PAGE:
Rummanah Aasi

Description: It is the summer of 2011, and Nour has just lost her father to cancer. Her mother, a cartographer who creates unusual, hand-painted maps, decides to move Nour and her sisters from New York City back to Syria to be closer to their family. But the country Nour’s mother once knew is changing, and it isn’t long before protests and shelling threaten their quiet Homs neighborhood. When a shell destroys Nour’s house and almost takes her life, she and her family are forced to choose: stay and risk more violence or flee as refugees across seven countries of the Middle East and North Africa in search of safety. As their journey becomes more and more challenging, Nour’s idea of home becomes a dream she struggles to remember and a hope she cannot live without.
  More than eight hundred years earlier, Rawiya, sixteen and a widow’s daughter, knows she must do something to help her impoverished mother. Restless and longing to see the world, she leaves home to seek her fortune. Disguising herself as a boy named Rami, she becomes an apprentice to al-Idrisi, who has been commissioned by King Roger II of Sicily to create a map of the world. In his employ, Rawiya embarks on an epic journey across the Middle East and the north of Africa where she encounters ferocious mythical beasts, epic battles, and real historical figures.

Review: I really wanted to love The Map of Salt and Stars, but unfortunately I had a few issues with the book. There are two parallel stories running throughout the book. The contemporary story line is told by Nour, a twelve year old girl who has synthesia, and recalls her family's flight into exile from the Syrian civil war. The historical story line is narrated by Rawiya a girl of a similiar age in the twelfth century who is hoping to help her mother by disguising herself as a boy and working as an apprentice to al-Idrisi, a famous mapmaker, as he traveled around trade routes.
  Nour was born and raised in Manhattan by immigrant parents, her mother a cartographer and her father a bridge designer. Shortly after her father’s death from cancer in 2011, her mother moves Nour and her two older sisters, Huda and Zahra, to Homs, Syria, where they have relatives to help out. Soon civil war is underway and the family is not safe.  As the family takes flight, Nour comforts herself with a fairy tale–like story her father used to tell about Rawiya.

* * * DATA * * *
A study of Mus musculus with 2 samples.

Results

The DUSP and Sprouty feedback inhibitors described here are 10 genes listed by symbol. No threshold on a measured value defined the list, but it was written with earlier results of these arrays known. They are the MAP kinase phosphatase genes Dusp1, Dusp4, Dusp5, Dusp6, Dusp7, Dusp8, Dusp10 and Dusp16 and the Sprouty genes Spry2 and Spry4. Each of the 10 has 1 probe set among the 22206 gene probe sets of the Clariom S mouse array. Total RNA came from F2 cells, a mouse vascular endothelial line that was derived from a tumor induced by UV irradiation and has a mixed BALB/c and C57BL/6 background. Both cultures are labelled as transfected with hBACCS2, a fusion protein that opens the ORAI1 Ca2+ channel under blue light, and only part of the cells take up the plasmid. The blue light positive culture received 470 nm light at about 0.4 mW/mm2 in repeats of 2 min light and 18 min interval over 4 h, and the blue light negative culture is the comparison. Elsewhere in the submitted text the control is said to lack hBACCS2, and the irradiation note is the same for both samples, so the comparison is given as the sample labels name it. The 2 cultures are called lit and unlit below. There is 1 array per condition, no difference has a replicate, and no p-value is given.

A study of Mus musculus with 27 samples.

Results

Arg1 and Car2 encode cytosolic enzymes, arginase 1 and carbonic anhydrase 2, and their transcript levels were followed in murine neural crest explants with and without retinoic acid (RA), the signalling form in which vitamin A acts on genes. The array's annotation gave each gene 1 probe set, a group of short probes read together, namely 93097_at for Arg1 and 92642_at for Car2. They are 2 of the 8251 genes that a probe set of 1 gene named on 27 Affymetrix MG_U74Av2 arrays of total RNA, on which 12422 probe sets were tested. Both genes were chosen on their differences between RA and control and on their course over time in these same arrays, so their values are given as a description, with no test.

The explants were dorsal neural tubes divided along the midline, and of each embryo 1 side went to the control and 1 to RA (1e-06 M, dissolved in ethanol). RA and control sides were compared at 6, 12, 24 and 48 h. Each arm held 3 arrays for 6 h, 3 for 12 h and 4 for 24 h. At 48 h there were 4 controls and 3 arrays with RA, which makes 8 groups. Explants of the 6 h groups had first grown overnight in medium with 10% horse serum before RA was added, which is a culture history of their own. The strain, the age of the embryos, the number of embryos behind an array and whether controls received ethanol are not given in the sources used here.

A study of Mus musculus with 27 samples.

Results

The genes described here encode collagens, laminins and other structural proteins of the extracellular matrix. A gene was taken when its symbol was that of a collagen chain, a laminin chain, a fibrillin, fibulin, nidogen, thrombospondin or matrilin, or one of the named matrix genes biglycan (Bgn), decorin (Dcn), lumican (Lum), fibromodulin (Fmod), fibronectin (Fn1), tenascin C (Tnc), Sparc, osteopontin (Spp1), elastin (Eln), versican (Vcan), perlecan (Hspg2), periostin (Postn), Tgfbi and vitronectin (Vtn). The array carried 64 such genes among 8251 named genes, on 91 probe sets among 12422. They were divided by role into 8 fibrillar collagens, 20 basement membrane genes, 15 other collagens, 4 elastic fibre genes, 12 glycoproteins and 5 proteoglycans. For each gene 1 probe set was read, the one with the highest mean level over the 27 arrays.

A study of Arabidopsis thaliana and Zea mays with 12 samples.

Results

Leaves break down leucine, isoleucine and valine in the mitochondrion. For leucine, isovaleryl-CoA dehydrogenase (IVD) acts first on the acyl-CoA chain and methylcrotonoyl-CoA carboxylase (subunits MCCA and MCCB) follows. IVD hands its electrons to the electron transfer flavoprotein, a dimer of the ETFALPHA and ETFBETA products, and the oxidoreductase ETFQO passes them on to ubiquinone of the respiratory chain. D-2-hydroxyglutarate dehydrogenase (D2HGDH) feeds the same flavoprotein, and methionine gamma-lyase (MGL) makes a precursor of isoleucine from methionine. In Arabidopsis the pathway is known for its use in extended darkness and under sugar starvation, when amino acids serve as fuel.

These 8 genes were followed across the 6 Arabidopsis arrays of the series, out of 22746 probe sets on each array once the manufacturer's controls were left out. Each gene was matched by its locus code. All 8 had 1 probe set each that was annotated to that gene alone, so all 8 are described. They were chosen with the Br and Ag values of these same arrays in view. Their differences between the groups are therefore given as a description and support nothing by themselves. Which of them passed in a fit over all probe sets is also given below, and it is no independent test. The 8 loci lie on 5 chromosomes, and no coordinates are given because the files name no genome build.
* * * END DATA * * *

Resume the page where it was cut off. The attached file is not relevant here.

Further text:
While I enjoyed both stories and can definitely make the connections of symbolism and metaphors that run throughout the book, I did not get a firm grasp on the characters. Though I can empathize with the struggles and pain Nour's family goes through, I could not tell the characters apart and the plot dragged for me. The transition from Nour's and Rawiya's story was not smooth either and would abruptly weave in and out. Personally, I think the book would have been stronger if it just focused on story and fleshed out the characters instead of two. At times I would find Nour's story compelling at other times I found Rawiya's. It is fascinating to see both girls travel though Nour's purpose is to find refuge and Rawiya's a romantic adventure full of wonder and magic. The themes of finding a home both in the physical and spiritual sense will make this book a good candidate for book clubs.  I appreciated the lush imagery, but wanted something more concrete to grasp in this story.

Rating: 3.5 stars

Words of Caution: There is some language and a scene of attempted sexual assault. Recommended for older teens and adults.

If you like this book try: Dark at the Crossing by Elliott Ackerman, In the Shadow of the Banyan by Vaddey Ratner, Snow Hunters by Paul Yoon
3 Responses
  1. Reading the description of this book I got all excited and then deflated when I began to read the review. What a bummer that it wasn't wonderful.

  2. It sounds like the author tried to do too much with this story. Cancer, immigration, women's issue, concurrent stories...

    I'd like to invite you to join in my new reading challenge. Check it out: 'My Own Books' Reading Challenge

  3. Kindlemom Says:

    I've been curious about this one but I'm not sure how I would feel about it after reading your review. I guess I won't know for sure until I try it right? Wonderful honest review!